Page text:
For many PC gamers, Civilization represents one of a number of things. It may have been the very first game they played, the very first strategy game they played or the game that finally showed them that video games are something cool. The fact is that over the past two decades, nothing has come close in terms of scale and scope to the Civilization series that Sid Meier cooked up and after this latest iteration, nothing still comes close. Civilization V improves upon the success of Civ IV and Revolutions whilst introducing some brand new options and features that keep the game fresh.
For those who do not know what Civilization is, the game is all about world domination in one of a number of ways. You are asked at the start of each game which civilization you would like to lead from many of the worlds most famous and oldest such as the Indian, British and American civilizations. From there it is up to you to lead your civilization from nothing through to world domination and greatness.
How you achieve this can be different in each game. As you would expect, you can use military might to take over the world, but this leads to you not being seen as the most successful leader. Other ways to win include a tech victory by winning the space race or forming the United Nations and getting every civilization in the world to declare peace and love each other. Obviously some methods of victory are easier than others and they are all affected by the difficulty level selected.
One thing that really sticks out about civilization is that there are two modes in the game; single player and multiplayer. There are no variations to single player. You start up the game and try to build your civilization to conquer the world. However, this is not entirely a bad thing and keeps the status quo of previous titles and even with this fact we are sure you will be spending hours upon hours trying to win the game.
Traditionally the learning curve for Civilization V has been extremely high. You've not only had to learn a whole bunch of game mechanics, but you have also had to become accustomed in ways to enhance a civilization and understand tech trees and various options for the military as well. It's no wonder that Civilization has always been seen as the thinking mans game.
However, this has changed in this most recent iteration. The game is constantly giving helpful information as to how to play and a tutorial mode has been included. During battles the game displays whether it is likely to be a victory or not and if so, by how much. This allows you to on the fly decide whether to take an enemy on or leave it to diplomacy to sort your situations out. You can also tell units to search the world themselves eliminating some of the micro management we have seen in the series during the past.
There have also been other changes, especially with combat. Certain units can now launch weaponry across the map and do not have to be right next door to take each other on. For example, the nuclear bomb can be sent across the map well away from your city to take out enemies. This turns the Civilization series upside down. The tradition of get close and take each other is gone; instead replaced with how to best strategise the battle without actually getting up close.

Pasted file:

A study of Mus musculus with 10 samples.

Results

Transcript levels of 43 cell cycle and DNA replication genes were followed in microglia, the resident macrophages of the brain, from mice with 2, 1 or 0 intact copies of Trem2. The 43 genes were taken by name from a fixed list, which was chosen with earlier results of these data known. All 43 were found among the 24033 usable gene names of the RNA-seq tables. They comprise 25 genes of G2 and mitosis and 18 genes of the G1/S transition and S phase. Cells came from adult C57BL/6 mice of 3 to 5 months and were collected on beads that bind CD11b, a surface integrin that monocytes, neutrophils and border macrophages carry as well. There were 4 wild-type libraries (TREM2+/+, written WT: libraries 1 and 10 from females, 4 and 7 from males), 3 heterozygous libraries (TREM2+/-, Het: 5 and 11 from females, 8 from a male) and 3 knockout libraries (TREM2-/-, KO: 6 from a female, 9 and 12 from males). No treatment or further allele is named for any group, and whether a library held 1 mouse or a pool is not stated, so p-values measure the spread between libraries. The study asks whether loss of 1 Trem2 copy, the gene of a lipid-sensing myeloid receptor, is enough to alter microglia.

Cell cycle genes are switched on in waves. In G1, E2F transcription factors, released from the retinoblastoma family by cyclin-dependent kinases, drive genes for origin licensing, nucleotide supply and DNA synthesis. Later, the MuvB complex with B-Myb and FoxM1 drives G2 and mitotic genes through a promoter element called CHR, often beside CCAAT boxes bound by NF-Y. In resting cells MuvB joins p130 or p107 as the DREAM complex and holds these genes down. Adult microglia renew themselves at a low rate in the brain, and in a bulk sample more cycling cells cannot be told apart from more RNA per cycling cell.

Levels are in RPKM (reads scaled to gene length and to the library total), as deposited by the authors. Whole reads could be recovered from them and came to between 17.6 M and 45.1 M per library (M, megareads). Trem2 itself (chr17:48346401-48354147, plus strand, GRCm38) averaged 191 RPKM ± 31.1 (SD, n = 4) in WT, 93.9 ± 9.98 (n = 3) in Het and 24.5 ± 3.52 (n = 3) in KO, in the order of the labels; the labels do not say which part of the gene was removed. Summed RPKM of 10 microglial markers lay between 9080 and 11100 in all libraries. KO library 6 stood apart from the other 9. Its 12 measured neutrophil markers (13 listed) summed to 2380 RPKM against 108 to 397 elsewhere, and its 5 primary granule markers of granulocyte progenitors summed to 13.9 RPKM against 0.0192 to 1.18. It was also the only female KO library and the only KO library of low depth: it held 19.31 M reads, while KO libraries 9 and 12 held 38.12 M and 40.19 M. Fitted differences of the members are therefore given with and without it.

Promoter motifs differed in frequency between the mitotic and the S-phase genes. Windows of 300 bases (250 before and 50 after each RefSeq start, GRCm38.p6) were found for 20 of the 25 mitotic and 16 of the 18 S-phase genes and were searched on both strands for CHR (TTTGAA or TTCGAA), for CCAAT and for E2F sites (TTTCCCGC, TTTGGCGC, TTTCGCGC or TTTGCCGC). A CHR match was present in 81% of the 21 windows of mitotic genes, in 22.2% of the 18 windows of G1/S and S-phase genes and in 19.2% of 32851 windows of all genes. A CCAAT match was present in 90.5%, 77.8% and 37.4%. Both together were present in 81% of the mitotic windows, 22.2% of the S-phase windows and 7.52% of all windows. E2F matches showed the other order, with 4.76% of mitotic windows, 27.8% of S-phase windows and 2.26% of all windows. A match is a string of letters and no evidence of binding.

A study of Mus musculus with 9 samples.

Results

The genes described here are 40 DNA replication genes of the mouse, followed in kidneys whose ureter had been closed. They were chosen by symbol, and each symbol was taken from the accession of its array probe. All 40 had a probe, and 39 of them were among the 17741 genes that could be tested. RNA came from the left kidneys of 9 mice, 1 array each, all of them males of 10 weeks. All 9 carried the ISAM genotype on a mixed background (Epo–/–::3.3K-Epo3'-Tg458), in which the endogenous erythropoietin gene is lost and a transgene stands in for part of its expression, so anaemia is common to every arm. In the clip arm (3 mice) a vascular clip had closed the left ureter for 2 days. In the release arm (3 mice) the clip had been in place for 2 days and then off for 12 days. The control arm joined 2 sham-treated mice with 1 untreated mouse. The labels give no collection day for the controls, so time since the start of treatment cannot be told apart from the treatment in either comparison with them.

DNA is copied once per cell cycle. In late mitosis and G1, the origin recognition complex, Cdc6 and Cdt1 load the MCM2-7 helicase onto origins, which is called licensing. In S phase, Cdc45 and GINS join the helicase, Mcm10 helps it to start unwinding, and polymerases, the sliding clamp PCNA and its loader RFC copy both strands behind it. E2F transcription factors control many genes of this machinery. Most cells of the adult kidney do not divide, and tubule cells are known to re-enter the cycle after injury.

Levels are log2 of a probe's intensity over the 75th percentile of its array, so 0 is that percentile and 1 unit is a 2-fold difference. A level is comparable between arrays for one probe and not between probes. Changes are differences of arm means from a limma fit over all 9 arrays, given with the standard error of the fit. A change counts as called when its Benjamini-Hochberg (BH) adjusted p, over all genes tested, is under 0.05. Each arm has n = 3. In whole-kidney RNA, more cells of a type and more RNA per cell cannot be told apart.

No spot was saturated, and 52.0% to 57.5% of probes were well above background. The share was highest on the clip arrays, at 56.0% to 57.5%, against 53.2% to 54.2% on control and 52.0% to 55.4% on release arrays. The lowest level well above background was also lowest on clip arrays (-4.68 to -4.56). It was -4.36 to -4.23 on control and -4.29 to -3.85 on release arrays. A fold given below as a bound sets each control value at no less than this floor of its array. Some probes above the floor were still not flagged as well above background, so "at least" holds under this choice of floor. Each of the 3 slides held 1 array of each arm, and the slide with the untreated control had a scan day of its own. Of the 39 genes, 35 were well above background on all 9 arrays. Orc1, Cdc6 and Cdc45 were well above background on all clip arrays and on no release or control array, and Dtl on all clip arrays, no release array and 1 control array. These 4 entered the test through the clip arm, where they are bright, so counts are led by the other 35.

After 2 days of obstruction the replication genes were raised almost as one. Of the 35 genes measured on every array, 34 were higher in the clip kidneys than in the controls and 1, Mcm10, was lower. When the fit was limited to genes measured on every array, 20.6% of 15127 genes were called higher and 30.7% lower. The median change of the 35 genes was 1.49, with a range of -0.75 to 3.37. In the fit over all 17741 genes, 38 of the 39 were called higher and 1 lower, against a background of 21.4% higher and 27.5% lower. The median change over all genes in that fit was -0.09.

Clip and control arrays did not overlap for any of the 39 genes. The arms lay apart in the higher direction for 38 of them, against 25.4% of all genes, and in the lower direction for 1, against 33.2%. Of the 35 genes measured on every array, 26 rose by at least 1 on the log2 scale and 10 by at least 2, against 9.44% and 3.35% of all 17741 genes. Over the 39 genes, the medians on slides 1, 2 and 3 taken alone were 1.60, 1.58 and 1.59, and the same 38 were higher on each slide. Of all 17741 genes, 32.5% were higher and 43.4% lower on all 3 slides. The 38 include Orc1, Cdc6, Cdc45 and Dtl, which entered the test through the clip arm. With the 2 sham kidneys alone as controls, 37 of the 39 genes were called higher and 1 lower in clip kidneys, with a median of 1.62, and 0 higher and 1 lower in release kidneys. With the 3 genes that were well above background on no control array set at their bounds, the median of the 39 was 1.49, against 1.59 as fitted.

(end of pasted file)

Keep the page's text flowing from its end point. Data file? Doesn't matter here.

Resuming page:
The other major change is Government policy which allows you to set policies for your civilization to live under and these may provide military bonuses, or better diplomatic skills for example. The final change to the series (aside from Revolutions) is the introduction of famous people. They can assist your civilization in a number of ways, or you can choose to eliminate them and as a reward get a golden age for your civilization. They don't seem to have the same impact that they did in Revolutions, but they are a welcome addition all the same.
The graphics engine has also had an overhaul. DirectX 10 graphics are on offer to those with the correct operating systems and graphics cards and on the highest detail the game is stunning to say the least. However, we were surprised to learn and see that the game will actually run quite well on some older hardware with a few graphical tweaks turned off. The voice acting at times can seem a bit cheesy and the soundtrack for each civilization, stereotypical, but all in all the graphics and sound fit the game well.
Aside from this, the formula remains much the same. Those who are familiar with Civilization will pick up the game and get into it right away, whilst the new players will appreciate the help that is on offer in tutorials and other tips. Firaxis has once again proven that the grand daddy of all turn based strategy games is still the best and has also offered enough options to make it a worthy upgrade to this now world famous series. If you have a spare six months or so where you can eat, breathe, and sleep 'civ', then this game is definitely for you. If not, it doesn't matter, if you pick this game up you will be instantly hooked and dreaming of civilizations in your sleep in no time. Well recommended!